Congressman Pearce Fights to Preserve New Mexico's Heritage

Congressman Steve Pearce requested a detailed report from the Government Accountability Office (GAO) in order to learn more about how stolen tribal cultural items are surfacing in European auctions in 2016. The intention of this report was to identify current problems in order to introduce legislation that will put an end to these illicit acts and ensure Native American items are returned to their rightful owners - to tribes across New Mexico and the nation.

"Native American cultural items, specifically from New Mexico, have continually been discovered at various auctions houses in Europe. This practice is unacceptable and must be stopped immediately. That is why I requested this report two years ago, to identify failures in our current system and how to better protect and defend these items. I also led a bipartisan effort in Congress that resulted in a resolution condemning these sales. Paralleled by few, our great state is teeming with a rich cultural heritage dating back centuries that must be protected. As a New Mexican, I understand the significance of our culture and the importance behind ensuring that all items related to our history are preserved and kept by the tribes from which they have come. These artifacts have become simply another commercialized item, seen as a souvenir from history. This report outlines a number of problems and I look forward to presenting a bill to fix them and ensure that these items are protected and returned to where they belong."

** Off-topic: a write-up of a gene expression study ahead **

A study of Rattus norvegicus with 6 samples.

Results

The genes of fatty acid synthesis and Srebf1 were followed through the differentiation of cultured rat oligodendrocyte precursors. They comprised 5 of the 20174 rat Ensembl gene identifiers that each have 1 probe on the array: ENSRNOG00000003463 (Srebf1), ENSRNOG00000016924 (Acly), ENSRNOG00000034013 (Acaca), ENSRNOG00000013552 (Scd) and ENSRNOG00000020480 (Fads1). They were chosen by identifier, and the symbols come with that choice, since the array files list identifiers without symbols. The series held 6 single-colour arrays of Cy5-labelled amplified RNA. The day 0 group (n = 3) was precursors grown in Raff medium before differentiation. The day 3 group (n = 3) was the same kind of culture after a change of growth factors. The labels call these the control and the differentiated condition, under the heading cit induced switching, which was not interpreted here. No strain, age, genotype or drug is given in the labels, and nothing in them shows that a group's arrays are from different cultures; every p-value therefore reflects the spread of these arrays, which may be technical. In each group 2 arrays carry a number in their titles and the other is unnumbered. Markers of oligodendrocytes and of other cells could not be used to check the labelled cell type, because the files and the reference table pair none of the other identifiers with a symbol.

"The Pueblo of Acoma thanks Representative Pearce for his work securing this important GAO report. He has been a champion in efforts to stop the illegal trafficking of tribes' cultural heritage items. The GAO's recommendations about the need to strengthen federal laws and to clearly prohibit export of tribes' cultural heritage items should be followed so that more items come home to tribes. The report shows an understanding of the sacred importance of these items to tribes," said Governor Riley from the Pueblo of Acoma.